Two Psychologists Raised a Chimp with Their Child to Teach It Human Behavior, But After 9 Months,

This baby was raised with a baby chimp to teach it human behavior, But the Results Were a Disaster

In the early 1930s, two psychologists started a weird and controversial experiment to explore the boundaries of nature versus nurture. They raised a baby chimpanzee alongside their own infant son, treating them exactly the same. However, after nine months, the results were not what they expected—their human child began to exhibit chimp-like behaviors.

This is not the strangest part of the story. Not only did the child start to make sounds like a chimp, but the chimp also started to act like a human child and developed some extra motor skills. It’s just the beginning of the story. Read the article to know what happened to the chimp and child after the experiment.

What Happened to the Chimp and Child After the Experiment

The chimp’s life after the experiment was quite different. She was used in other studies and lived the rest of her life in a laboratory cage. She eventually died of pneumonia two years later.

The child, Donald, on the other hand, struggled with the long-term effects of the experiment. Little is known about his life immediately following the study, but tragically, he took his own life in 1973 at the age of 43. The experiment conducted by his parents did cost him his life.

Press and Sun-Bulletin Binghamton, New York · Wednesday, June 14, 1933 Credit @

The Nature vs. Nurture Experiment

Winthrop Niles Kellogg, a comparative psychologist, and his wife Luella decided to raise a baby chimp named Gua alongside their own son, Donald. The Kelloggs were interested in understanding how the environment influences development. Could a chimp, raised in a human environment, behave like a human? Or even think it was a human? This idea was born from Winthrop’s fascination with wild children who grew up without human contact.

The Kelloggs brought Gua home on June 26, 1931, when she was just a baby. They aimed to treat her exactly as they treated Donald, hoping to see if Gua could learn human behaviors. For the next nine months, the Kelloggs dedicated themselves to this experiment, meticulously documenting the development of both children.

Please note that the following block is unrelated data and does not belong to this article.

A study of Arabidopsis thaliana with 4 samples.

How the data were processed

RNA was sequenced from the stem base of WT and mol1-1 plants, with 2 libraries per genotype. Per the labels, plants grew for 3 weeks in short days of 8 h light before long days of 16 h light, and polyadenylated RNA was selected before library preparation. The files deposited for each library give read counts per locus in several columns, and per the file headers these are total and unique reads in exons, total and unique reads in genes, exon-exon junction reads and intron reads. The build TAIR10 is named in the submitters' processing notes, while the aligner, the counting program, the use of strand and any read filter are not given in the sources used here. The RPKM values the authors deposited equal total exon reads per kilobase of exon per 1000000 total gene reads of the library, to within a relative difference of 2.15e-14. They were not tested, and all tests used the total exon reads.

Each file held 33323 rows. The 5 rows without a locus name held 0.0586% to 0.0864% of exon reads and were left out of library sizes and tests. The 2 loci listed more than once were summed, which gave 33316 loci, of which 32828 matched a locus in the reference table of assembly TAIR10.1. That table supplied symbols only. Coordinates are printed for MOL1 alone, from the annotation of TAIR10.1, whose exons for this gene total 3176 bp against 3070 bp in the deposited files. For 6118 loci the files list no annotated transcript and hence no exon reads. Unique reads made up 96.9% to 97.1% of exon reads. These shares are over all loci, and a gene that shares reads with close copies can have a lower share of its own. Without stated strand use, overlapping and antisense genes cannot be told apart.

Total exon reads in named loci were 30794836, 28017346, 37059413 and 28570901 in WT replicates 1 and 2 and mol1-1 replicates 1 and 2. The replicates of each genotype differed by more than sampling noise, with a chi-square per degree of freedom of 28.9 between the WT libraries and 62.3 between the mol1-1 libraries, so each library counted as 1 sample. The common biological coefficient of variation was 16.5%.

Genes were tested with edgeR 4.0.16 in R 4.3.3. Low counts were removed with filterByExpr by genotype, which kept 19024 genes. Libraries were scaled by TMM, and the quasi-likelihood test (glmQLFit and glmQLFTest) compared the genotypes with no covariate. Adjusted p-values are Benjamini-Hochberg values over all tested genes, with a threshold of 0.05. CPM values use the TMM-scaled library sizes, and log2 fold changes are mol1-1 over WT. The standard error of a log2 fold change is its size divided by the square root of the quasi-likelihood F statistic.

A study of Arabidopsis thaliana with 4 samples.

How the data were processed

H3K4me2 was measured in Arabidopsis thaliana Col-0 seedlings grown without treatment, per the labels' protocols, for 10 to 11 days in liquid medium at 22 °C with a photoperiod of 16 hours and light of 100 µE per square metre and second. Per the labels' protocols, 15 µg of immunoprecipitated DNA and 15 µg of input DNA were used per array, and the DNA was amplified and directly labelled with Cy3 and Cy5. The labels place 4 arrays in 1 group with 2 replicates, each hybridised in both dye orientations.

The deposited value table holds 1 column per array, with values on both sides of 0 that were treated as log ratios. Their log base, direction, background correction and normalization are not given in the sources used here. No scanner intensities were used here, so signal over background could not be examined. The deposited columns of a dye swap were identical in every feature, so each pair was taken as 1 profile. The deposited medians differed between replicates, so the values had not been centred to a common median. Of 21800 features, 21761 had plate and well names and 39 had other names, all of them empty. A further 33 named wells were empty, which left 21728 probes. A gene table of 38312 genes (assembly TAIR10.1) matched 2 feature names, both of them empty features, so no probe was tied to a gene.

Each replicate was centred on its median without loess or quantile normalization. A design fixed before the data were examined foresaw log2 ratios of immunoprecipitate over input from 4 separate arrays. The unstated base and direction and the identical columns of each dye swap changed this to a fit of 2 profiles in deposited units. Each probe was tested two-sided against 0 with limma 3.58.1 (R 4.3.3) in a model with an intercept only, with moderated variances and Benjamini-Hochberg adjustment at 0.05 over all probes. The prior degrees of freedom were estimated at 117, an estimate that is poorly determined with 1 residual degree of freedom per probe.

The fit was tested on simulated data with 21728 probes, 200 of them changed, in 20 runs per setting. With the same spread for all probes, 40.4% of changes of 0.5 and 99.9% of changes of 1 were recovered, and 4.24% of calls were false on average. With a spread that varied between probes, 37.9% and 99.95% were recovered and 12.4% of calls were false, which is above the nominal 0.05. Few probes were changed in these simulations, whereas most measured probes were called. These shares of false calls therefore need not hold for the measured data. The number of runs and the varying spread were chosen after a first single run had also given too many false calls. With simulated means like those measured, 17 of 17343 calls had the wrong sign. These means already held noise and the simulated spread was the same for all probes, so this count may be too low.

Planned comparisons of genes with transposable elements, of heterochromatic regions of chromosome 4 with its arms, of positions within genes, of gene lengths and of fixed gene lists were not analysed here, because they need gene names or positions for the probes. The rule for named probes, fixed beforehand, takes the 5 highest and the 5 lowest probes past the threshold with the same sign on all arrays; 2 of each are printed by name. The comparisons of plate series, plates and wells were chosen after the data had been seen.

The Experiment Process

In the early stages of the experiment, Gua showed remarkable progress. She adapted well to the human environment and even excelled in certain tests compared to Donald. The Kelloggs conducted numerous tests on both children, measuring blood pressure, memory, body size, reflexes, and more. They observed how Gua and Donald interacted with their surroundings, each other, and the adults around them.

Gua learned to eat with a spoon, drink from a glass, and even walk on two legs. She was dressed in baby clothes, slept in a bed, and was treated just like a human child. For a while, it seemed like the experiment was proving that the environment could significantly influence behavior.

Twist of the Story

However, things took a surprising turn. Donald began to mimic Gua’s behaviors. He started walking on all fours, dragging his knuckles, and making barking noises similar to Gua. The Kellogg’s noticed these changes with growing concern. His close interaction with Gua influenced Donald’s development, leading him to adopt chimp-like behaviors.

The Kelloggs were puzzled and worried. They realized that while Gua was becoming more human-like, Donald started behaving more like a chimp. This was not the outcome they expected. Donald’s language development slowed down, and he even began using bark-like sounds to communicate, just like Gua.

Gua and Donald During the tests Credit @ A/V Geeks 16mm Films
Gua and Donald During the tests Credit @ A/V Geeks 16mm Films

What Was Happening?

Experts in child development and animal behavior have provided insights into this phenomenon. One reason for Donald’s behavior could be imitation. Children often mimic those around them, and Donald spent a lot of time with Gua. Another reason could be social learning, where Donald adopted behaviors he observed in Gua. The shared environment played a significant role in shaping both children’s behaviors.

For the Sake of the Child, They Had to Stop the Experiment

The experiment was terminated on March 28, 1932. The Kelloggs decided to end it because they were concerned about Donald’s development and the growing strength of Gua, which made her less manageable. They were also exhausted from the intense and continuous nature of the experiment. Additionally, the fact that Donald was starting to lag in language development and adopt Gua’s behaviors prompted them to stop.

After the experiment ended, the Kelloggs worked to reverse the changes in Donald’s behavior. They gradually reduced Gua’s interaction with Donald and focused on helping Donald catch up on his developmental milestones. 

Gua and Donald During the tests Credit @ A/V Geeks 16mm Films
Gua and Donald During the tests Credit @ A/V Geeks 16mm Films


The Kelloggs’ experiment provides a unique and sobering insight into the influence of environment on behavior. It highlighted the profound impact that upbringing can have, not just on animals, but on humans as well. The study showed the limits of humanization in non-human species and raised important ethical questions about the treatment of both animals and humans in scientific research. This tragic story reminds us of the delicate balance between nature and nurture and the unintended consequences that can arise from tampering with that balance.